Mobile-home game

By CAITLIN E. CURRAN  |  October 1, 2008

“It’s a test,” he claims, because the game on that date actually took place not at Fenway Park but at Yankee Stadium. The true, discerning Sox fan that glimpses the Rolling Green Monster, perhaps on an alcohol-aided post-game walk to the T, says Millette, will spot the error immediately. [Editor’s note: We’ll let it slide that an extremely discerning Sox fan might recall that the team was off on August 19, 2004, and that the scoreboard actually looks a lot more like the October 19 game in the Bronx that year — Curt Schilling’s legendary bloody-sock win in Game 6 of the ALCS.]

From strike zone to twilight zone
Millette alternates Red Sox hats and shirts as his daily uniform — red one day, Army print with a matching pair of green Nike sneakers the next. His face is George Hamilton–esque in color — perhaps from his winters spent in Florida — and, like an old baseball mitt, it’s gradually been worn down by life’s curveballs. He was diagnosed with hepatitis C this past year; now he survives mainly on disability insurance.

He’s flipped between jobs many times in his life, though for the past seven years he’s mainly worked in carpentry — and as a mime on the streets of Key West. He’s even managed to translate that idea into Sox speak, by painting his face red, donning a Dustin Pedroia jersey, and standing on a wooden box on Lansdowne Street, perfectly still and statuesque.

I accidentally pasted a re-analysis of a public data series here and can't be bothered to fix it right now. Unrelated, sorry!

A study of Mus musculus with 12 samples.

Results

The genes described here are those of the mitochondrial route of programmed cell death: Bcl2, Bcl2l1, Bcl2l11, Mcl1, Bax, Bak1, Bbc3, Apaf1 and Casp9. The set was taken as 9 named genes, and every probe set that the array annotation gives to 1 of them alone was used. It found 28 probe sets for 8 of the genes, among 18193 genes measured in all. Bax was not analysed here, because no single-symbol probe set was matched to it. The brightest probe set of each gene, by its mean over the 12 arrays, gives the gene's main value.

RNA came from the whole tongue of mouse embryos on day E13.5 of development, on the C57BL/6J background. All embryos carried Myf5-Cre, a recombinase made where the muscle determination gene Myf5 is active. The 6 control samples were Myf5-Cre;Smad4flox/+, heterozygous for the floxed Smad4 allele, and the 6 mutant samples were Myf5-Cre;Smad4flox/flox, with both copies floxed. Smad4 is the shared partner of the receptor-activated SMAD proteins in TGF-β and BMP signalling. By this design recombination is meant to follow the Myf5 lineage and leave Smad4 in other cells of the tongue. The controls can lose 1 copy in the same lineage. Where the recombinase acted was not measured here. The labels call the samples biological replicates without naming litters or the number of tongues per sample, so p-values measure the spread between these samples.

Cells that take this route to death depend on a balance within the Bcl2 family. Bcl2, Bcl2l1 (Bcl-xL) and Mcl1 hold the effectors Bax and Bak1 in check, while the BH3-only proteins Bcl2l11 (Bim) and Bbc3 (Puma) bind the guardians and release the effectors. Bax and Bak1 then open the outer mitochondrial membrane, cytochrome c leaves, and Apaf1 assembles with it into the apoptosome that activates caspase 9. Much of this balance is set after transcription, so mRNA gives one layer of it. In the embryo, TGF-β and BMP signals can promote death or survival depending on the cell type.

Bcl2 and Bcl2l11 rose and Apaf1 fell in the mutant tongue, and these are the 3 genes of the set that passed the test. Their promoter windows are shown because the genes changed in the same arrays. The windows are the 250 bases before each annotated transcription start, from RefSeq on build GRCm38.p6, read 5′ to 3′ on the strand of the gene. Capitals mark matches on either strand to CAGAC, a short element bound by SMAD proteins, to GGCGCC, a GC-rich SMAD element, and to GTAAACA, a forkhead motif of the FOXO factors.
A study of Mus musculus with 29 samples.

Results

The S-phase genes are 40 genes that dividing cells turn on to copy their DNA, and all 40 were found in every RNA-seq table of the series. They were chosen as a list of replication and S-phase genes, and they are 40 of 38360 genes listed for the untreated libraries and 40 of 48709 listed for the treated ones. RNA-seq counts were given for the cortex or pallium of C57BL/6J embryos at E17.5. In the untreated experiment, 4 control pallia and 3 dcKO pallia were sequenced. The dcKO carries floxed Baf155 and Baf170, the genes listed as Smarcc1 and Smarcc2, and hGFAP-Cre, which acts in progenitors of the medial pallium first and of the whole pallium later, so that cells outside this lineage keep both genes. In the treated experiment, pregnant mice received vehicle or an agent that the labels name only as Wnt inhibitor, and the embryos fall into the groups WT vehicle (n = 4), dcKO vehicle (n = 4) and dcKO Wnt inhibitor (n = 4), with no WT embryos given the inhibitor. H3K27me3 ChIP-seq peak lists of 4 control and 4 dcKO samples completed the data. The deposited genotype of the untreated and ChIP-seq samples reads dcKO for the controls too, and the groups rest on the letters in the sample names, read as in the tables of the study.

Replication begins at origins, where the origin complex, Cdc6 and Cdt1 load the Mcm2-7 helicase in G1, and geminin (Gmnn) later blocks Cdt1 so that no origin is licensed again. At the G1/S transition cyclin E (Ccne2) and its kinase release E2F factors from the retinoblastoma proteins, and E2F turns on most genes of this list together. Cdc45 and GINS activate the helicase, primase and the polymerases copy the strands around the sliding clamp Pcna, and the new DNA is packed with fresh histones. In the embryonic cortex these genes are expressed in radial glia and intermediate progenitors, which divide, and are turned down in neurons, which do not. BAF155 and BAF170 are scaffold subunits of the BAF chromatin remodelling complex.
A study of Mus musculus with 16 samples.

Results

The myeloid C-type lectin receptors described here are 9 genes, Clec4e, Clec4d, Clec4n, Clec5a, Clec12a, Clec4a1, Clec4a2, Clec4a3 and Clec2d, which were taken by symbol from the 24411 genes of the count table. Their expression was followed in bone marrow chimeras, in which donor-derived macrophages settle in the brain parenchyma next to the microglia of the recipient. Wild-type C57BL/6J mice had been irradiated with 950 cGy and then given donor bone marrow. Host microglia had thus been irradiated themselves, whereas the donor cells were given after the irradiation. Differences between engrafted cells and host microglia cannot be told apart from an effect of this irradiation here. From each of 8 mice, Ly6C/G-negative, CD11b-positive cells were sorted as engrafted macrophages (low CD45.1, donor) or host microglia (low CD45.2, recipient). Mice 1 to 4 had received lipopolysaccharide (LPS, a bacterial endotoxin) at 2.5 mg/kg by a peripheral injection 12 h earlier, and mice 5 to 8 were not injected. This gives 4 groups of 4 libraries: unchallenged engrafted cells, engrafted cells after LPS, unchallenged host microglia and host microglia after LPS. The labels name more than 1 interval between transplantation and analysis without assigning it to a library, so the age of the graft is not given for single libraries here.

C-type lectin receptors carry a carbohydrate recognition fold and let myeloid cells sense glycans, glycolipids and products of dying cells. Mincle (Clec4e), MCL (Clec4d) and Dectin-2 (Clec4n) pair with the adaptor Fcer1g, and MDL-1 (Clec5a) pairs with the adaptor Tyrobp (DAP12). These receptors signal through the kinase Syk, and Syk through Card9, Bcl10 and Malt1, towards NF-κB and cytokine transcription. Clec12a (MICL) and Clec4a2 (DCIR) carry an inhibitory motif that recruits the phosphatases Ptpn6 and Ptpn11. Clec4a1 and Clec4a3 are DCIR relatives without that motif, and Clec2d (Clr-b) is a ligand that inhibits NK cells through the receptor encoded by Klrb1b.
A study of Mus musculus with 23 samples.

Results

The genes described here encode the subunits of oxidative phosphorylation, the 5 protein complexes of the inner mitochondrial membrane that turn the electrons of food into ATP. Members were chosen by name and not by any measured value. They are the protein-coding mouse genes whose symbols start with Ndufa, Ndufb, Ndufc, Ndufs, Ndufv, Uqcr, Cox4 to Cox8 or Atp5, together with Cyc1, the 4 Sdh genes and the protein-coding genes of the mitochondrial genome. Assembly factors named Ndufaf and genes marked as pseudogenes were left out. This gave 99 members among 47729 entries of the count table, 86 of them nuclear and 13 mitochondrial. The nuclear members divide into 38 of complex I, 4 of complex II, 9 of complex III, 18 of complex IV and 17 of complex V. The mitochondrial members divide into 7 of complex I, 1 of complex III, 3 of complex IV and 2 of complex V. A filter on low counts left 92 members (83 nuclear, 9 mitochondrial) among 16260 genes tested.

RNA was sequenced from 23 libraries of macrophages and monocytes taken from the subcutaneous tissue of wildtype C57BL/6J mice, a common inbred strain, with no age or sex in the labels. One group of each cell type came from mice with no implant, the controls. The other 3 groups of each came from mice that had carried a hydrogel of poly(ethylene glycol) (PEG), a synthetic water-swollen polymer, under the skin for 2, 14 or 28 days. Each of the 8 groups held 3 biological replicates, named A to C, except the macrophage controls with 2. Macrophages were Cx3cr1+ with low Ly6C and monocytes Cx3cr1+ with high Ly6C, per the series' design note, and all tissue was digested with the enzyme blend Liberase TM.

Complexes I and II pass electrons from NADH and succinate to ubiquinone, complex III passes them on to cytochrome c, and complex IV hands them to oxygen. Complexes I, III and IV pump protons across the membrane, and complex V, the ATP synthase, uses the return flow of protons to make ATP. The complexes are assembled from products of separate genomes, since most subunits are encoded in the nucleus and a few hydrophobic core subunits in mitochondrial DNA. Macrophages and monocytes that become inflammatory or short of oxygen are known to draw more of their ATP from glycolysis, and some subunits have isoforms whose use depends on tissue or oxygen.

Though it was only christened six months ago, the Rolling Green Monster is constantly evolving as a vehicular testament to Red Sox Nation. White paint commemorates retired Sox legends along the upper edge of the RV’s passenger side. (Millette recently even added the not-so-dearly departed Ramirez.) When Neil Diamond — the schmaltzy singer whose 1969 pop single “Sweet Caroline” has been adopted by fans as a Red Sox anthem — played a concert at Fenway in August, Millette painted SO GOOD, SO GOOD, SO GOOD, in large block letters on the RV’s driver’s side.

If you’re milling around Fenway before the Sox playoff home game this Sunday, you’ll likely see the Rolling Green Monster on Burlington Avenue. That’s where Millette usually parks, close to Fenway and an Ace Ticket location, so that he doesn’t have to sleep on the cold concrete sidewalk, and yet he can still be first in line for Sox tickets, a position he takes seriously. “Every time I’ve been first in line, they’ve won,” he claims, as we stand on Lansdowne Street just before that Cleveland game. “The times I’ve lost my first spot in line, they’ve lost the game.”

Though they share the same passion for the Sox, Millette doesn’t always get along with other fans or team security. (“I open my mouth sometimes when I shouldn’t,” he admits.) Case in point, the night of the Indians game, a man walks by as I’m speaking with Millette and offers us one free ticket. I defer to the mayor, who happily takes it — but the next day he tells me he was thrown out of the game after four innings, for taking photos of vendors employed by Aramark and posting them on his MySpace page.